Could you recommend any writers that one could draw the correct sort of inspiration from?
They talk about writers being visual or cinematic, that was a term I heard a lot before I started scripts and I never knew what it meant, I probably would now if I went back and looked at more novels. I'd say work by John Grisham, Michael Crichton and certainly Elmore Leonard, you can see the movie there, you just have to take out a bit of the prose. One thing that does remind me of is that a friend of mine never reads fiction when he is writing scripts and I'm finding that now. I used to read a novel a week, I did for 20 years probably but now I can't read fiction at all, I hardly have the patience for it anymore because it just gets in the way. Again, the way you think about scripts is so different from novels so my recommendation would be to not read novels in the hope of learning anything about scriptwriting but to just stop reading novels.

Don't you see that as a sacrificing a leisurely pursuit, especially as an ex novelist?
Well it was always work to me despite it being one of the greatest pleasures in my life, I'm still a great believer in the value of literature and that it is more rich in meaning than film and I believe novels will last forever. So yes that does distress me now because I can hardly read and when I do its usually a thriller, its very upsetting. Reading novels is fantastic but scriptwriters should just read scripts, you really should read about 100 and don't just read them but tear them apart and make charts or whatever because you really will learn a great deal from them. I'm reading A Fish Called Wanda at the moment and thoroughly enjoying it, its a very funny script but I'd get no value out of it unless I go back and break it down, make my charts. The trouble is that you can read them without understanding why they are good but, certainly, scripts that read easily are usually bad scripts because they will invariably be very descriptive. Good ones are rarely exciting because they depend on the visual image and that can't be there on the page so, to get anything out of them you have to go away and build that up for yourself. One of the things you immediately start to see once you disengage yourself from the story is that one must always end your scene early. You should start it as late as you can, cover the last two sentences of a conversation or just cover the first two, you also start to recognise the juxtaposition of scenes. Its really much more science than art.

A very simple question, how do you write dialogue?
That's always something I've always found easy, an example of that is the first script I wrote which was much too talky. I still believe that this movie could be made if I went back and trimmed the dialogue. I had scenes with characters saying sometimes 4 sentences at a time, you are much better off with a sentence followed by someone else's sentence and so on. Although I have gone too far with that recently, someone called it 'too staccato'. They talk about cinema being about highs and lows, you can watch any movie for that.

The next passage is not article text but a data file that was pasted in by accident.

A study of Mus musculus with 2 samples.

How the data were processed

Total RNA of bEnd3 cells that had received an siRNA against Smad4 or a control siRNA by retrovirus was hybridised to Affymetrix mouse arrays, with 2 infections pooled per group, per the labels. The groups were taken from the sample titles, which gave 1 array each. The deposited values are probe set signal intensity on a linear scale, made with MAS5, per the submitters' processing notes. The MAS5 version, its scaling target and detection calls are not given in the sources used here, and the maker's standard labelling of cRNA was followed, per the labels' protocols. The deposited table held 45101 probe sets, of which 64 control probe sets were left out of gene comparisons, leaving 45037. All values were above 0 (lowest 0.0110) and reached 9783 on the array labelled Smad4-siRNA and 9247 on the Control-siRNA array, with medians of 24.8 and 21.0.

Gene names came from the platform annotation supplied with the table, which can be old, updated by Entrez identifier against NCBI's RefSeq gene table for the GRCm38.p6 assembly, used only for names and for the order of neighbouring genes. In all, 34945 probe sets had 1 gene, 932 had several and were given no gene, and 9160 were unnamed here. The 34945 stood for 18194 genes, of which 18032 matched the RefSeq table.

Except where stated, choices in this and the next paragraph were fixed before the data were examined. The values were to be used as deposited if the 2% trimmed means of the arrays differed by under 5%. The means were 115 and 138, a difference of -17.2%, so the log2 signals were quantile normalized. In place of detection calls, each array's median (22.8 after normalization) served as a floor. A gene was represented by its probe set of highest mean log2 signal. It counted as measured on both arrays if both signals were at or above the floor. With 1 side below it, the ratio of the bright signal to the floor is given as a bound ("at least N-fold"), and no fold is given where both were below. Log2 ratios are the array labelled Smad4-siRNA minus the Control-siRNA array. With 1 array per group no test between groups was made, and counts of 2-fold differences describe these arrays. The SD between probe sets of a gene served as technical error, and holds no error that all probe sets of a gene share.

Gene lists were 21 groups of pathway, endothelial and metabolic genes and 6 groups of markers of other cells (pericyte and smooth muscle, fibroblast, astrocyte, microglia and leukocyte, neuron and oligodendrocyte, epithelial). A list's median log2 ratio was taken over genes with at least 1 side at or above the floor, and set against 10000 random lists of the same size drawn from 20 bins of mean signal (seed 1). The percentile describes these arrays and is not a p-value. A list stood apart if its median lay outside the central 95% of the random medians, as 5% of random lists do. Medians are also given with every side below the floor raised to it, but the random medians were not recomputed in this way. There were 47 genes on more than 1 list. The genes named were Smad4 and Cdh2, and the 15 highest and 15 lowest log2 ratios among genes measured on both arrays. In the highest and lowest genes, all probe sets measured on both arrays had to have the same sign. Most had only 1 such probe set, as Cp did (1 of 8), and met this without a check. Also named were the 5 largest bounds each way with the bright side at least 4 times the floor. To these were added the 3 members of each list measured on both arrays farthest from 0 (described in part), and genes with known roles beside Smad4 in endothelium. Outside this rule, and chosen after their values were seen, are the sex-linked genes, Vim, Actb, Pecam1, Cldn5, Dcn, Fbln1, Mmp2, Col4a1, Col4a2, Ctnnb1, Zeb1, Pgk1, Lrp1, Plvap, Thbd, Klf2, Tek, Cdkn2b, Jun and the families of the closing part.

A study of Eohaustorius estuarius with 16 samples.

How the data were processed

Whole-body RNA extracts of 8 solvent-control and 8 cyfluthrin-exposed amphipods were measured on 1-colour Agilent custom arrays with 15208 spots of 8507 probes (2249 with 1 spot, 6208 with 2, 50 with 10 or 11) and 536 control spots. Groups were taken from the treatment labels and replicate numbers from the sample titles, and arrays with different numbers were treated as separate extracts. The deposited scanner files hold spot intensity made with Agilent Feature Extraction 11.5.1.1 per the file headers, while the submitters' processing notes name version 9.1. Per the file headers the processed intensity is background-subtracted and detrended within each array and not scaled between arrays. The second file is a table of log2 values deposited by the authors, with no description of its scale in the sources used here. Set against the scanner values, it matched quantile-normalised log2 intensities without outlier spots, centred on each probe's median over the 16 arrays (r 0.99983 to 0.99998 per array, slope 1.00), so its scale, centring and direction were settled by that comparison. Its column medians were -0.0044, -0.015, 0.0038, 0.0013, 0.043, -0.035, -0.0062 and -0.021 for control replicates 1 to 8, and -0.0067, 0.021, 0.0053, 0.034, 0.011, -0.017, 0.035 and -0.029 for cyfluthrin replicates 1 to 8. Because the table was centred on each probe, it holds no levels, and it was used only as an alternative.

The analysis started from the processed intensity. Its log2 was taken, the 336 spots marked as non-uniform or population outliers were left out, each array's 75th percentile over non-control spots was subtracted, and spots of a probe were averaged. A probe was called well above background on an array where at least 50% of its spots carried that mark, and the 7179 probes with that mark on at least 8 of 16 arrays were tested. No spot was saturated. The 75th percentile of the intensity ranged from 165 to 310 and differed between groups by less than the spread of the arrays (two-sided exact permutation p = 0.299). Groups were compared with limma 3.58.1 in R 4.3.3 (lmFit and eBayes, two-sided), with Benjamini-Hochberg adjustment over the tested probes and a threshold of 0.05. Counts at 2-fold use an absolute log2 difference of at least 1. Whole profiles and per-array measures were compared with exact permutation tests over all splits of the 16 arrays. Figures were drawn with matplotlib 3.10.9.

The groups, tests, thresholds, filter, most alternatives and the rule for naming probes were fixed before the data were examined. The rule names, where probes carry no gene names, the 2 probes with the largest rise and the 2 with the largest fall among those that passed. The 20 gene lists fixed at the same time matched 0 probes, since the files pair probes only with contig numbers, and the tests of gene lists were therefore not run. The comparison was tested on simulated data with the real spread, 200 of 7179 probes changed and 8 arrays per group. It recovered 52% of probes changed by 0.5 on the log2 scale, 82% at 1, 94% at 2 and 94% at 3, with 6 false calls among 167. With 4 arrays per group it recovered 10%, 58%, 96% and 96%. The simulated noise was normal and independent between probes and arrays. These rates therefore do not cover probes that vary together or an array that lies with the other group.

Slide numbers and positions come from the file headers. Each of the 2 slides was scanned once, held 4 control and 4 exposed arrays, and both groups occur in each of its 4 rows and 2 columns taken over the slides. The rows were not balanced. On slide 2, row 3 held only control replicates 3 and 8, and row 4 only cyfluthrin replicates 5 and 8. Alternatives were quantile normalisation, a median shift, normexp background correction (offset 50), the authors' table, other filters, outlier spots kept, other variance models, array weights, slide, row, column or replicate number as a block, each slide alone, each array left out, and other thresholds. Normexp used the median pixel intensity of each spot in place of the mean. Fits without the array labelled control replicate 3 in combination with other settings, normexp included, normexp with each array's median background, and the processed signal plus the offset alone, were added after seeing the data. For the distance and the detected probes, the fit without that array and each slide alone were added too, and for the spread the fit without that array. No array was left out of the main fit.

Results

How long, on average, do you take to write a script? Can one take too long?
My guess is that most people do take too long. I was reading an article on Neil Jordan writing Michael Collins on which he wrote many, many drafts over 10 years. One thing that stuck in my mind was that he said that when he actually sits down to write the draft, he does it in one go and tries to make the writing of it as much like the movie experience as possible. I usually write mine in a week but the rule is that you should try to do 5 pages a day, its almost impossible to do more than 15. One of the challenges is trying to identify with your characters. Bear in mind that, when writing a novel, you might take a day to write a 1500 word argument between a couple. In a movie you could take the same time to write a marathon road chase, a fiery love affair to picking up your mother and you've got to be in touch with all the emotions of the characters as you write. Its incredibly difficult to keep making those changes and it makes you very tired so I only write from 8am to 1pm every day without answering the phone. At times you just need to get up and walk around to forget about the car chase in order to think about what the wedding is going to be like and if you get stuck on one scene then move on to the next. A script is only 100 pages which only takes a week to type, I just finished one which took me 25 days from start to finish but I suppose my average is 6 weeks.

Tell us about your book.
I called it, 'The Heretics Guide To Scriptwriting' because it is a book for people who don't believe the standard credo of scriptwriting and I wrote it because there is a lot of blarney about how one must write scripts in a certain way. I'd like it to give confidence to everyone starting out and I'd like to save them from getting locked into the expensive route of taking too many courses which talk about the same old thing. All the books I've read about it talk as though there is only one type of movie and there isn't. There are movies like Ratcatcher, movies like James Bond, there are comedies and dramas and every one of them demands a different writing technique. One or two principles apply to them all but generally, the rules they set in these books are just too vague for individual forms. I'd hope mine would be the only book that would provide an alternative to the rest but it would also be concise, maybe 100 or 120 pages at the most.